Off the Beaten Path, Florida
Florida is a state full of beautiful natural spaces, fun attractions and amazing wildlife. Every visitor to the state of Florida will find something they love. There's all the fun of Disney World, the sunny beaches, the cities, and incredible wildlife. Here, in no particular order, are a few of Florida's fascinating destinations, natural wonders and activities.
Salt Springs gets its name from the high salt content in the water -- the water that feeds the spring passes through a salt deposit as it rises to the surface. These springs are home to a variety of wildlife, normally found only in ocean habitats, but because of the high salt content in the water these species have found a home at Salt Springs. Before or after taking a dip in the Salt Springs, visitors can take the 2 mile round trip hike on the Salt Springs trail which leads to the Salt Springs Run.
Sunken Gardens, St. Petersburg
This 100 year old garden is an amazing destination in St. Petersburg. The botanical paradise features over 50,000 tropical plants, including some of the oldest in the area. The gardens also have stunning waterfalls and beautiful demonstration gardens. For visitors with an interest in horticulture, there are garden tours and even some horticultural programs.
Silver Springs is another delightful town paired with a unique spring. Silver Springs is one of the largest spring systems in the world, and it feeds the beautiful Silver River. The best way to enjoy the amazing Silver Springs is to take a ride on the glass bottom boats, which ferry people across the springs. From these boats visitors can marvel at the vents, which feed the springs.
Kennedy Space Center
Located on Florida's Space Coast, the Kennedy Space Center Visitors Complex is a great place to learn about the part the Space Coast itself has played in that history. At the Kennedy Space Center you can tour launch areas, see rockets, experience the space flight simulators, and speak to an astronaut. Some visitors may even get lucky enough to view a shuttle launch, provided that they time their visit right. Also on the Space Coast is the US Astronaut Hall of Fame, which is a destination space enthusiasts won't want to miss. At this museum you can see what space travel was like for the first astronauts and try out the astronaut training simulators and look at the museum's large collection of the astronauts personal items.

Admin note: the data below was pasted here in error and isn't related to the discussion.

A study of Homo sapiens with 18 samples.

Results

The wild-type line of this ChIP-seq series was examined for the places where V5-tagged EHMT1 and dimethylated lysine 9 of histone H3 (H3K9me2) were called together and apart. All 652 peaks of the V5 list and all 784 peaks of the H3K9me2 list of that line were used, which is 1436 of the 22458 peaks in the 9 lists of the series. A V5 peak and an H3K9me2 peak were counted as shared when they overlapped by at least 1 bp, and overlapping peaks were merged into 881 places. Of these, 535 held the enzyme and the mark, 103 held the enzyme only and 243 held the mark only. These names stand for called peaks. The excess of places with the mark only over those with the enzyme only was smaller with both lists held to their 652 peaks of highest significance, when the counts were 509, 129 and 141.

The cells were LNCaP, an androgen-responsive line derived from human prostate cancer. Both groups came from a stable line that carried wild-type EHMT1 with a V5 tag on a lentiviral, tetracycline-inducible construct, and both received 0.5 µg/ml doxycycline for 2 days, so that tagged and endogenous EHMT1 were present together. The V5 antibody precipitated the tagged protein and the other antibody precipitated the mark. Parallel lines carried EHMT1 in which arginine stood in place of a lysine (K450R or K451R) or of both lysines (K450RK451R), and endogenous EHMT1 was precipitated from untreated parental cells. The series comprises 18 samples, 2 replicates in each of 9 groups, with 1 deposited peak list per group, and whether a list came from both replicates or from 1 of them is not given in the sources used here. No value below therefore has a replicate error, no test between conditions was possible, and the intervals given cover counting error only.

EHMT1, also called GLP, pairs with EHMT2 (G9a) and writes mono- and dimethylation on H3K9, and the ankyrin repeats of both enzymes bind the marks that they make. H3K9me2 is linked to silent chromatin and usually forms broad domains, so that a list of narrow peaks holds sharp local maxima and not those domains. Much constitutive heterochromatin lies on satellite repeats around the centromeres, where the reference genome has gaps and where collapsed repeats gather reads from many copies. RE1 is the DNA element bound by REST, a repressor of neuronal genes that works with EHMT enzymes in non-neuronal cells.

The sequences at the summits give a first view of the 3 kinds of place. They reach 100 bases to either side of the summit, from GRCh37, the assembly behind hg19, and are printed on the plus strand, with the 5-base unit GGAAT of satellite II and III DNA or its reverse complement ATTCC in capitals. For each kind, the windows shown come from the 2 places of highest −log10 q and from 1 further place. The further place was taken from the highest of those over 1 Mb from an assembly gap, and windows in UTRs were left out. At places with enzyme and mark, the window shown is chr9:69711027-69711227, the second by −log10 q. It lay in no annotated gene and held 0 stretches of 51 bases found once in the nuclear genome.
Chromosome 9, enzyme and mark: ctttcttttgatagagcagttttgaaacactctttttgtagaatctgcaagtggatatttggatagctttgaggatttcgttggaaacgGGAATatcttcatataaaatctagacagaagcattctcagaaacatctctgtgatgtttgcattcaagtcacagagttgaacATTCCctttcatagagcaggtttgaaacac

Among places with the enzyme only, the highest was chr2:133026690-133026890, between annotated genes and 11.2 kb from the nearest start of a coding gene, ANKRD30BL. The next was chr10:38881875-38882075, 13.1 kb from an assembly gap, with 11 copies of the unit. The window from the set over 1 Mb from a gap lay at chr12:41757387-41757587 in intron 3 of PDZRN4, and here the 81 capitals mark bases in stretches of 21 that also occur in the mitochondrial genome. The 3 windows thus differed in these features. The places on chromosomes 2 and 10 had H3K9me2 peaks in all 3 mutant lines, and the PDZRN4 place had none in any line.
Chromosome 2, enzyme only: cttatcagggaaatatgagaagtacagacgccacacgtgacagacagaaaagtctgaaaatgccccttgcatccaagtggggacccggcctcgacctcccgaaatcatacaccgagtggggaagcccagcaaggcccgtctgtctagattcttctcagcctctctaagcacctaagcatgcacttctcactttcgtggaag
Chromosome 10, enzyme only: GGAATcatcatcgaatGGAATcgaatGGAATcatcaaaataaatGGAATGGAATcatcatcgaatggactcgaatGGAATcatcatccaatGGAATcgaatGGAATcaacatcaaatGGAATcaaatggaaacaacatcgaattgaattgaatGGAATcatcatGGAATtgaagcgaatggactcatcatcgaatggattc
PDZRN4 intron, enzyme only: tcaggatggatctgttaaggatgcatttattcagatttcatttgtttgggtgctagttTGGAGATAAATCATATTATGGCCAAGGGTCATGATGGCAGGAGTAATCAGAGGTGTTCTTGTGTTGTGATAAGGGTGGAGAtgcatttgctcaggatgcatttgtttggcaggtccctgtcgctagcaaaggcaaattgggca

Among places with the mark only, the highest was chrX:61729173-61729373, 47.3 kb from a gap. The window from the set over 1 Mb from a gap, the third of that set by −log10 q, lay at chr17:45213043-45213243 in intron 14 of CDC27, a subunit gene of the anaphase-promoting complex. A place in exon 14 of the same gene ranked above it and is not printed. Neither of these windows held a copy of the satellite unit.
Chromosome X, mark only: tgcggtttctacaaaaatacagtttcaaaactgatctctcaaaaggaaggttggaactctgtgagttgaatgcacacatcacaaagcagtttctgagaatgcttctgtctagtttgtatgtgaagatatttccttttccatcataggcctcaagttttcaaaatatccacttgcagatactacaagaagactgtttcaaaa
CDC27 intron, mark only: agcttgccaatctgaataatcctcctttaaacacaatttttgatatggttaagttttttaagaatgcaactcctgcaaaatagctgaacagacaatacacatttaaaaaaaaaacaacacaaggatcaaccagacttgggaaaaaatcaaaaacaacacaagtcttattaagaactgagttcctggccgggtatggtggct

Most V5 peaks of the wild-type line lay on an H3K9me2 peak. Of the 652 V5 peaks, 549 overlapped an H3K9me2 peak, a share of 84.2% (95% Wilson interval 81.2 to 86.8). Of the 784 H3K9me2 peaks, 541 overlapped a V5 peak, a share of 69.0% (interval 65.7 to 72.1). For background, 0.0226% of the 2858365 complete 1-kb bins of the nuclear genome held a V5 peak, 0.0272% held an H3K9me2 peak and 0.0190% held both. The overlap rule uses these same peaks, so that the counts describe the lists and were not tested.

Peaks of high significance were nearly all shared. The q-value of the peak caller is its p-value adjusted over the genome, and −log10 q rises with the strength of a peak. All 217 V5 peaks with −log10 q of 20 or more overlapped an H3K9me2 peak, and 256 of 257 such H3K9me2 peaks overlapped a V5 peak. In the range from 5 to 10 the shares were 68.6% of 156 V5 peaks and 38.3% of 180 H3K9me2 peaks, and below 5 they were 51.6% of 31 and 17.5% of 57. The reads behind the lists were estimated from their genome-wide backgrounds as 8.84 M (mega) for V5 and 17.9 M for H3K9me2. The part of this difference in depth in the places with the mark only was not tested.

The beautiful islands of the Florida Keys are a must for visitors looking for gorgeous beaches and clear ocean waters. The Keys are comprised of Key Largo, Islamorada, Marathon, Key West, Big Pine Key and the Lower Keys. Among the many delights of the Florida Keys is the spectacular snorkeling and diving. As the only living coral barrier reef in the continental United States, it is the place to go for vacationers seeking a great diving experience. Snorkelers and divers will find the stunning underwater world of the Keys is filled with colorful fish, vibrant coral, and stunning shipwrecks. Islamorada is know as the sport-fishing capital of the world, and it truly earns its reputation. Key West is also the location of Ernest Hemingway's home.
Located in northeast Florida, St. Augustine is the oldest established European city in the United States. Visitors to the city can enjoy horse-drawn carriage rides, take trolleys in the downtown area and visit the many shops in the Historic District, including shops with craftsmen practicing traditional trades. St. Augustine is home to the Castillo de San Marcos, the fort built to protect the city from pirates. The Castillo de San Marcos was heavily fortified and surrounded by a moat, and today visitors can watch the historic weapon demos, including canons, on the weekends. The St. Augustine Lighthouse and Museum is also worth a stop. Visitors can climb over 200 stairs to reach the top, where they enjoy amazing views of the ocean and the city, and at the museum visitors learn all about the history of the city and the lighthouse.
Everglades National Park
The Everglades are one of the United States' true treasures. Everglades National Park stretches over 1.5 million acres, or 2,400 square miles, making it the largest park in the lower 48. The park features winding waterways, banks of seagrass and mud, oyster reefs and sand bars as well as an amazing diversity of habitats and wildlife. Visitors to the Everglades can enjoy hiking, camping, fishing, canoe and kayaking trails as well as boating. Those visitors wishing to boat should be aware that boating in the Everglades can be tricky and is limited to experienced boaters. The Shark Valley Trails pass through what is considered by many to be the heart of the "True Everglades," and it stretches for 100 miles from the Gulf of Mexico to Lake Okeechobee. Boaters can explore Whitewater Bay, Ten Thousand Islands Area and Florida Bay. Visitors can also participate in guided tours, including boat tours and Tram Tours. The Tram Tours naturalists guide explores the Shark Valley Slough over a 15 mile loop, participants learn about the ecosystems and see the amazing wildlife. Throughout the Everglades visitors can enjoy the unique ecosystems and of course the amazing wildlife.